Monday, May 23, 2022
HomeNewsTime is running out to contain the Ukraine war in Central Europe

Time is running out to contain the Ukraine war in Central Europe


According to the daily report of the independent US-based Institute for the Study of War (ISW), the main thrust of the Russian army is in eastern and southern Ukraine where it has made substantial territorial gains along the Sea of Azov and Black Sea coastlines. These consolidate Russia’s 2014 annexation of Crimea and, critically, threaten the loss of Odessa which is Ukraine’s main seaport.

Since Vladimir Putin never laid out precise war aims, it is possible that the drive towards Kiev was a feint – though it cost his army dear in lives and credibility – while his forces moved heavily against the true objectives in the east and south.

The Russians appear to have been humiliated around Kiev but Ukraine is remains in danger of losing strategic territories including the economically-critical Donbas and possibly its access to the sea.

With the Russian retreat from conquered soil, the parallel propaganda war being waged through the media by Ukraine and the United States has moved into a familiar atrocity phase in which the Russians are accused of massacring civilians and other war crimes. Russian denials are ignored but the truth of the accusations, which cannot be independently verified, is beside the point.

The purpose is to keep Western public opinion motivated behind Ukraine and the West’s support for it despite the mounting economic consequences. These are chiefly evident for now at the petrol pump and in electricity bills. Consumer energy prices are soaring despite continuing supplies of Russian oil and gas on which EU countries depend. Much worse is to come, as commodity markets testify.

Energy prices were taking off anyway because of the West’s obsession with transition to renewables but have been supercharged by the war. Transport Secretary Grant Shapps told the BBC on Sunday that the government had no plans to ration gas and fuel, as France and Germany are contemplating. His categorical assurance could easily backfire. Britain last had petrol rationing in 1956 because of Suez.

The issue for Western governments is how long their electorates’ humanitarian instincts will put up with the economic pain of supporting Ukraine in a war it could have avoided had it not been pressured by Nato and the EU to take sides against Russia. It is dawning on people that Ukraine has been used as a pawn in a US effort to remove Putin from power.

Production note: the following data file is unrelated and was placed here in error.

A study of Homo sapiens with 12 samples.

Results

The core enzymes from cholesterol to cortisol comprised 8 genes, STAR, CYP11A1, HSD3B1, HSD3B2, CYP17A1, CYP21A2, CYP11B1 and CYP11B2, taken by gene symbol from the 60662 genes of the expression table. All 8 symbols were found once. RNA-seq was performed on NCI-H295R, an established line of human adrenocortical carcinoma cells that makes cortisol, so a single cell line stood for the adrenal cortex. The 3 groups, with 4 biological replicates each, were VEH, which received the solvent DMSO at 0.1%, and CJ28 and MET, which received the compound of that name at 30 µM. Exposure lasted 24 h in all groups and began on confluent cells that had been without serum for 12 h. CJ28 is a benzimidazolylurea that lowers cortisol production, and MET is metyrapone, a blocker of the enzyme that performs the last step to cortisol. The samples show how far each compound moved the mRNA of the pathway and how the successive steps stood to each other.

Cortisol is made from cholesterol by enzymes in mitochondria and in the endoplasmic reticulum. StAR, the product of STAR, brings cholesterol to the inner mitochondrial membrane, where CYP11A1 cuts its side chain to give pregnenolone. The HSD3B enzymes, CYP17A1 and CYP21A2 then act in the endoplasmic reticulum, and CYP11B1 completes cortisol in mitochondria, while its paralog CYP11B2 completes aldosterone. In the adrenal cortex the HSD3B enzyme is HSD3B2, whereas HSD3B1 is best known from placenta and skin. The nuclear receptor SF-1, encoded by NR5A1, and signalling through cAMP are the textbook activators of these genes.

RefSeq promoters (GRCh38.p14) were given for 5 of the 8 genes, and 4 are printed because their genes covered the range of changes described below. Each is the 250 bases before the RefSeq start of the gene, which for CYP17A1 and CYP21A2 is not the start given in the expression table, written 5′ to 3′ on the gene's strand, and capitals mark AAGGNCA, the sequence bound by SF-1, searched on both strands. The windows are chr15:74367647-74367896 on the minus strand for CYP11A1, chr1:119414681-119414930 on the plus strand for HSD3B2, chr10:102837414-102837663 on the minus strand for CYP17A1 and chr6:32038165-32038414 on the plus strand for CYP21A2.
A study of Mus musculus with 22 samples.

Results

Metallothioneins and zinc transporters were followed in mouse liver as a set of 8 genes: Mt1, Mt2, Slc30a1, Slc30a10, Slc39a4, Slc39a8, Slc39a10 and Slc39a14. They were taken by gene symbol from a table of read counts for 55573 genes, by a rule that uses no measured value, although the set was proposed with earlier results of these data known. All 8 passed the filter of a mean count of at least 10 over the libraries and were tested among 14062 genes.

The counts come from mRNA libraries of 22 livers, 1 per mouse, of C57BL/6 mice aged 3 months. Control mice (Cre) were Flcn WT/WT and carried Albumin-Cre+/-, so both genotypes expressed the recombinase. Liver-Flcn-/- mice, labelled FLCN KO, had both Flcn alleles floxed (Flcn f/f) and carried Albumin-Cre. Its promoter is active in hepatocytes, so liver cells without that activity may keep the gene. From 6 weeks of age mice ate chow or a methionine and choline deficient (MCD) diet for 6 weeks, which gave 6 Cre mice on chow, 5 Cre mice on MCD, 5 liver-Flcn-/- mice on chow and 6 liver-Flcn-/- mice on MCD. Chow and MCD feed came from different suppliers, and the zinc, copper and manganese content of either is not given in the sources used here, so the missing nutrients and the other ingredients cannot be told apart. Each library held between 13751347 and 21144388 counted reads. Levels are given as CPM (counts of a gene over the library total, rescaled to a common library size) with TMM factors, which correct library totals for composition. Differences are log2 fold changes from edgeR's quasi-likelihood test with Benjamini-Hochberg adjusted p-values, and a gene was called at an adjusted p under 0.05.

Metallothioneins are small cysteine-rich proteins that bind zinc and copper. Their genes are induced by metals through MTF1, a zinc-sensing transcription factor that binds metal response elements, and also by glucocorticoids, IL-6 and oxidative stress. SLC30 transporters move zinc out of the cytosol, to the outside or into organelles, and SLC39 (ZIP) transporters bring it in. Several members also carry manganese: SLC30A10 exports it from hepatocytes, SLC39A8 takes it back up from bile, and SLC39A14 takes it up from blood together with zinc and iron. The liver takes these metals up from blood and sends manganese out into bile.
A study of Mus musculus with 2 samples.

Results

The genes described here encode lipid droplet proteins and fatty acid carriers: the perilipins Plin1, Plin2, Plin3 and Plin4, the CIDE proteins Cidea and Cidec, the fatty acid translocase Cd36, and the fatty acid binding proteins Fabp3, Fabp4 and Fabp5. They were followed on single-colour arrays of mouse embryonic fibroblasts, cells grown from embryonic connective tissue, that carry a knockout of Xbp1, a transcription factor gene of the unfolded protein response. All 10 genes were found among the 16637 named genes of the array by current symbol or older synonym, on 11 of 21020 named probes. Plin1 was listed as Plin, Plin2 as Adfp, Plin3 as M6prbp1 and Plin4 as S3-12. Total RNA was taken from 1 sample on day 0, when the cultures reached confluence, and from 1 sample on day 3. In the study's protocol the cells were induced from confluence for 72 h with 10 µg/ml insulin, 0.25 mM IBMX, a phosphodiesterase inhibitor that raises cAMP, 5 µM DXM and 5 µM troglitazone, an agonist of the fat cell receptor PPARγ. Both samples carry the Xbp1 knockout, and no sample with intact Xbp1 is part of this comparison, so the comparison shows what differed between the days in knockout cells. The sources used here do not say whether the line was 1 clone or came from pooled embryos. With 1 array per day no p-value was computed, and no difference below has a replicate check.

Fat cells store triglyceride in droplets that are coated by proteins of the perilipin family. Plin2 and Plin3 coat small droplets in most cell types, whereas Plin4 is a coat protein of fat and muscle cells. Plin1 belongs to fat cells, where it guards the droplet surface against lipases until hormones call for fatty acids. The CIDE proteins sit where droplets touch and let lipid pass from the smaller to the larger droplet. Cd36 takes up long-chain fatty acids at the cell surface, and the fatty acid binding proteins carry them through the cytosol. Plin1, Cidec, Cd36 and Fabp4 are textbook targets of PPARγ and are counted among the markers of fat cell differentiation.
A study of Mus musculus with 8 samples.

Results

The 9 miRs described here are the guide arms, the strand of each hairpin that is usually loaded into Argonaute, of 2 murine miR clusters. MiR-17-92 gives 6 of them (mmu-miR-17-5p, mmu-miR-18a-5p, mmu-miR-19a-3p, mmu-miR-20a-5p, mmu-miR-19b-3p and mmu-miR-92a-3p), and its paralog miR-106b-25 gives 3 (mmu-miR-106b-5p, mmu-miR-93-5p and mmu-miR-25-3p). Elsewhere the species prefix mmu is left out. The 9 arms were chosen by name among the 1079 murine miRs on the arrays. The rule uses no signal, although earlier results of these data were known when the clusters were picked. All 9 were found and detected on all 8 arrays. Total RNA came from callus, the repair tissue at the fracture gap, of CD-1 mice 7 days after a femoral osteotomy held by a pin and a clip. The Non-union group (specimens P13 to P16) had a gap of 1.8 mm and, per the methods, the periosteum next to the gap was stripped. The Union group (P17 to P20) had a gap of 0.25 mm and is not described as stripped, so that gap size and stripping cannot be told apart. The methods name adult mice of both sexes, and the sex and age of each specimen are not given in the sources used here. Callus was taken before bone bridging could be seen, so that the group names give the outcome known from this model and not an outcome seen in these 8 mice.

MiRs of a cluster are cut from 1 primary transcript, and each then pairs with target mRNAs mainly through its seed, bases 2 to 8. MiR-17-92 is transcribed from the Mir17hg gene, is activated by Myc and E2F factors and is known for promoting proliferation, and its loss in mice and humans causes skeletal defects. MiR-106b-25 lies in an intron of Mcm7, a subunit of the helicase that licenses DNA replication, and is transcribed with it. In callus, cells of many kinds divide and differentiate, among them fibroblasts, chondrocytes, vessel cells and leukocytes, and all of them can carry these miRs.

Seen in this light, public opinion could decide that it has been tricked by the Biden administration’s ulterior motives and that the huge international risks involved in continuing what began as a local war – that Ukraine can only lose – are not worth it.

The longer Nato supplies the Ukrainian army with defensive weapons, which it has used with stunning success, the longer the war will last and the more other bad actors – specifically China and Iran – will be tempted to press their own agendas. It goes without saying that the longer Putin is forced to fight, the greater will be the temptation to use nuclear or biochemical weapons.

Warnings from President Biden not to use these will not deter him any more than they deterred his invasion on February 24. The US is fighting the war safely from offices in Washington. Russia is fighting it on the ground and its surviving credibility as a superpower depends on it rescuing at least the appearance of a victory.

The ISW’s assessment of the Russian army performance in conventional warfare confirms that Russia would be no match for Nato were it not for its nuclear arsenal. Quoting the Ukrainian general staff, it said the Russian retreat from Kiev has been disorderly, that battered army units would need time to recover and that some soldiers had refused to fight while others had killed their officers. It stressed these claims were unverified but if true, it’s easy to conceive of Putin escalating his war effort by other means.

Should he do this and should Biden insist on pursuing the defeat of both Putin and the Russia he leaves behind, we enter an unchartable future, as happens when wars elude control. Russia began the war to stop Ukraine joining Nato and to remove the Nato security threat on Russia’s western border. These aims have been lost sight of as the implications of the geopolitical crisis widen far beyond Ukraine.

Foreign relations experts are speaking of the possibility of another world war creating itself of its own volition as happened in 1914.

Historian Niall Ferguson wrote at Bloomberg: ’Even now, after five weeks of war notable for the heroic success of the Ukrainian defenders against the Russian invaders, I still cannot quite rid myself of the uneasy feeling that this is merely the opening act of a much larger tragedy.’ 

This pessimism is justified when one side in a war possesses nuclear weapons and possibly the will to use them, which makes the world a more dangerous place than it has been since the Cuban missile crisis in 1962.

Incredibly, Biden is about to sign off on a deal with Iran that enables it to become a legal nuclear power in a region where it is already harries its neighbours and threatens the West’s energy supplies. What if China decides to exploit the West’s engagement in central Europe by moving forward its plan to attack Taiwan?

We still have time to contain the unnecessary Ukrainian war within central Europe before Putin is pushed to a potentially irreversible next step – the end of absolute nuclear deterrence – by Nato’s insistence on maintaining the Zelensky government’s resistance to its inevitable defeat. But that time is running out and the unknowable consequences – with Biden in charge – look ever more frightening. 

Donald Forbes
Donald Forbes is a retired Anglo-Scottish journalist now living in France who during a 40-year career worked in eastern Europe before and after communism.